By Water Crisis Management Team and Human Resources
Plans to support basic emergency relief efforts ahead of a looming Day Zero are ongoing, which will see the closure of certain ablution blocks, the addition of portable toilets and securing of fresh drinking water at key locations.
These preparations have become necessary with Day Zero looming when the taps are expected to run dry for large parts of Nelson Mandela, including the University’s North, South, Ocean Sciences, Second Avenue and Bird Street Campuses.
Certain ablution blocks are being closed to enable more effective management of water and related hygiene matters. Portable toilets are being introduced so that alternative facilities are available for the emergency period when the taps run dry.
In the interim, we are grateful for the rain that has fallen in the catchment areas as this will hopefully offer some reprieve in holding off Day Zero. It will also give the University more time for introducing its alternative water source supplies (borehole and reclaimed water) as explained below.
The University’s key priority is to ensure that the University’s students are able to continue with their studies and complete the 2022 academic year.
To enable this, during the emergency period (until the University is able to introduce its alternative water source supplies), please take note of the following:
- If possible, to bring your own drinking bottled water onto campus
- Use water sparingly from the designated drinking water tanks
- Liaise with line managers as per working arrangements
- Go to the sustainability website for all supporting information
The COVID-19 pandemic required a reduction of numbers on campus to mitigate against the chances of contracting the virus. The water crisis requires us to drastically reduce water consumption but still keep the University operating.
Essential services are critical in ensuring that the institution is able to function – through the ongoing supply of catering, cleaning, security, ICT, technical, administration, health services and the like, as well as providing key internal and external services.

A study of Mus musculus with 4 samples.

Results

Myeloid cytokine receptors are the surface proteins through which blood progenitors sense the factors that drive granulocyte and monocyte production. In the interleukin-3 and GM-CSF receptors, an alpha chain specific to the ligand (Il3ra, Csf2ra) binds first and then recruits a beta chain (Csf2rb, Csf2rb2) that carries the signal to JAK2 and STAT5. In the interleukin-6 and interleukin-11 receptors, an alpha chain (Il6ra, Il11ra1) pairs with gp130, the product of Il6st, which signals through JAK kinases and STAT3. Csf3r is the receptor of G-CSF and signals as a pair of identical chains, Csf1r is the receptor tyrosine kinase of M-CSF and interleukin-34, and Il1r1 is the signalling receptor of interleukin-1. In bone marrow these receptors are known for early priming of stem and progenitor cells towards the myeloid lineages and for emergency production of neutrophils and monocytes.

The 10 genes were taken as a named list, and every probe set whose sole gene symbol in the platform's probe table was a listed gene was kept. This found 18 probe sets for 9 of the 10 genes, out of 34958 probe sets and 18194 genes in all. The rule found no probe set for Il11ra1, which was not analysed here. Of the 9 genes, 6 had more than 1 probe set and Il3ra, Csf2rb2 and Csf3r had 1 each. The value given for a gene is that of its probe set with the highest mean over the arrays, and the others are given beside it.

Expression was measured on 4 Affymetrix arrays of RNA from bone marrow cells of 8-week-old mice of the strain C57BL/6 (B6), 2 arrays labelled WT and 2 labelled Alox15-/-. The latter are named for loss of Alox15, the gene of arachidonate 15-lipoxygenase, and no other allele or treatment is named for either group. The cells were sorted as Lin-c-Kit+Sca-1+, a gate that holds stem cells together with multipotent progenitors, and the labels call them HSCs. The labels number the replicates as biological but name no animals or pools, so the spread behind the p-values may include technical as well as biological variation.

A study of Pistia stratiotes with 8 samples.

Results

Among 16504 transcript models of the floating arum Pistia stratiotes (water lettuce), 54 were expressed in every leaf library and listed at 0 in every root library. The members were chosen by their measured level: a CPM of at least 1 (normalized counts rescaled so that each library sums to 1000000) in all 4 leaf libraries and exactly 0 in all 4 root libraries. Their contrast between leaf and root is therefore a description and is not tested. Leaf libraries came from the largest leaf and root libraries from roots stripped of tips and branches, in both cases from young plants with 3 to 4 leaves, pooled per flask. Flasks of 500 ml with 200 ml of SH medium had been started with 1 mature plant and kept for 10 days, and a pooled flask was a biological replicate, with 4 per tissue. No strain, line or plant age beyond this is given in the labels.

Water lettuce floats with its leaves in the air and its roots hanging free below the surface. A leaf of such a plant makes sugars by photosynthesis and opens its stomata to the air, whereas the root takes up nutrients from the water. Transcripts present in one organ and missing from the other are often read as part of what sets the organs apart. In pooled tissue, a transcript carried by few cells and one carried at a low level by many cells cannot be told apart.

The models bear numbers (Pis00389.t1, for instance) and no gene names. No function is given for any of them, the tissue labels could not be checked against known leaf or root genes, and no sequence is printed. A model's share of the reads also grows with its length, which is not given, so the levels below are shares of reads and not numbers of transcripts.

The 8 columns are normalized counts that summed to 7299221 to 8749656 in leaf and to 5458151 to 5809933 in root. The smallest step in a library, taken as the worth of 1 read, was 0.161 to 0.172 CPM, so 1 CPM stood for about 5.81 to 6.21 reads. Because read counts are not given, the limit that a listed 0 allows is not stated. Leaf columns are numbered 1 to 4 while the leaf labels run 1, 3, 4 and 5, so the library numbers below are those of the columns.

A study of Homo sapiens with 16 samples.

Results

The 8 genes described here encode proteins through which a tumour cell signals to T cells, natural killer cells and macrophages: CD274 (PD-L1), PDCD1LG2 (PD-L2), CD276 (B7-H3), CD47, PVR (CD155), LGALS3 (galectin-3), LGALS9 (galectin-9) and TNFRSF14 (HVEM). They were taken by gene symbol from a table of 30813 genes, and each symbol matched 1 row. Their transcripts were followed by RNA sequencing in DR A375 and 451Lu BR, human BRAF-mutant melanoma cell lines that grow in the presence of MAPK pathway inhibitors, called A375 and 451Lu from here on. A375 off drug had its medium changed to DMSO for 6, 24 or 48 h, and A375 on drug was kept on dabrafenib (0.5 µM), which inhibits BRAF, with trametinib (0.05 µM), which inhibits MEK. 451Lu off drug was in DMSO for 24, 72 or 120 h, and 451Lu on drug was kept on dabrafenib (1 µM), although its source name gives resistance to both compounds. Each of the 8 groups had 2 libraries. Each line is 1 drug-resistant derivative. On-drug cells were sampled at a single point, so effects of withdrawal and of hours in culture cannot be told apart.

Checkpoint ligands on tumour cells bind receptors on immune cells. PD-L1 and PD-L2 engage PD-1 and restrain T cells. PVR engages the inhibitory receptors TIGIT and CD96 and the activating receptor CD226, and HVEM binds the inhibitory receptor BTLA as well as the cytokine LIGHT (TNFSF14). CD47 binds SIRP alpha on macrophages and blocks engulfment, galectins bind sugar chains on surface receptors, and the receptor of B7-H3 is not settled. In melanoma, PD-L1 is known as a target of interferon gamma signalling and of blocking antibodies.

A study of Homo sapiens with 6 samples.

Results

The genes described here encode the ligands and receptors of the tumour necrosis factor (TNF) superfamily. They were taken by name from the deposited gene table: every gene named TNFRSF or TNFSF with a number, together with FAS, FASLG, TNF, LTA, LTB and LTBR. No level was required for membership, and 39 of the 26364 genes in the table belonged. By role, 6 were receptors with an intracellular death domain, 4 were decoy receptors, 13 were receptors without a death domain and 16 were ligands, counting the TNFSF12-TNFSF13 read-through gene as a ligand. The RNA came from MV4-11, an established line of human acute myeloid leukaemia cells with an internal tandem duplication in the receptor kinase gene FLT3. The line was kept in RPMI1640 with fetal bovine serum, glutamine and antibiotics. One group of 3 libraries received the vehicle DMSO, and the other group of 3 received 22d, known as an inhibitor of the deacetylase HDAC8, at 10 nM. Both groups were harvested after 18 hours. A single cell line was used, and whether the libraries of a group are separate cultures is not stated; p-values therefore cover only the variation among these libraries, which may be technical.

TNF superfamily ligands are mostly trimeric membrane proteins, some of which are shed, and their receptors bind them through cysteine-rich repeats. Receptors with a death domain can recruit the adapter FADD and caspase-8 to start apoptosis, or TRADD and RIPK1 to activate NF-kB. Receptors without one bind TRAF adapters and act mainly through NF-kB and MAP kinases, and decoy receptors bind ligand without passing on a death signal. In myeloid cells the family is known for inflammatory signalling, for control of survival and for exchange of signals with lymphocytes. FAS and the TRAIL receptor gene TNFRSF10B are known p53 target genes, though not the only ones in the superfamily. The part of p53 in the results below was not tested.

While it will be advisable to reduce on-campus numbers during the Phase 1: Emergency Day Zero Period, it is imperative that students’ day-to-day needs are met so that they are able to complete their studies.
Functional departmental meetings
To assist staff with what is expected and to provide greater understanding and appreciation of the water crisis challenges, a series of meetings with different stakeholder groups will be held virtually across the institution by Human Resources. This will offer you the opportunity to ask questions.
Phase 1: Emergency Period
The Emergency period will start when the taps run dry, and end as soon as the alternative water source supplies (reclaimed water and boreholes) at the University are implemented, and Phase 2 is introduced.
Phase 1 will be an uncomfortable period of fetching water for washing, drinking and flushing of toilets.
It will also be an expensive exercise – as trucking in fresh municipal water for residence students and day staff and students is set to cost about R3 million a month, which will be difficult to sustain.
Phase 2: Alternative Water Supplies
Contractors are already on site to connect all boreholes on North, Ocean Sciences and Second Avenue campuses. This water will be fed into the municipal reticulation system to enable semi-normal functioning.
Dependent on the volume and quality of the water from the boreholes, this supply may also be acceptable for washing and cleaning.
Reclaimed water from our own water works system on campus will also be piped into the reticulation system on South Campus to enable flushing of toilets.
Again, as with the boreholes, testing, filtration and treatment of this water, also means there is a good possibility, going forward, of its usage for washing and cleaning.
These efforts are all part of the University’s long-term plans to be more sustainable and less reliant on expensive municipal water.
It is hoped that these interventions will be in place by mid-August.
Continue to save
By cutting back on our consumption – as many concerned, responsible staff, students and other citizens have been doing for some time – we can hold back the Day Zero timeline.
This will “buy time” for the University to get its medium-term alternative water source plans in place by August to enable completion of the 2022 Academic Year.
Your changed water usage behaviours, in using less than the maximum of 50 litres a day, are critical now and in the future on our water scarce continent.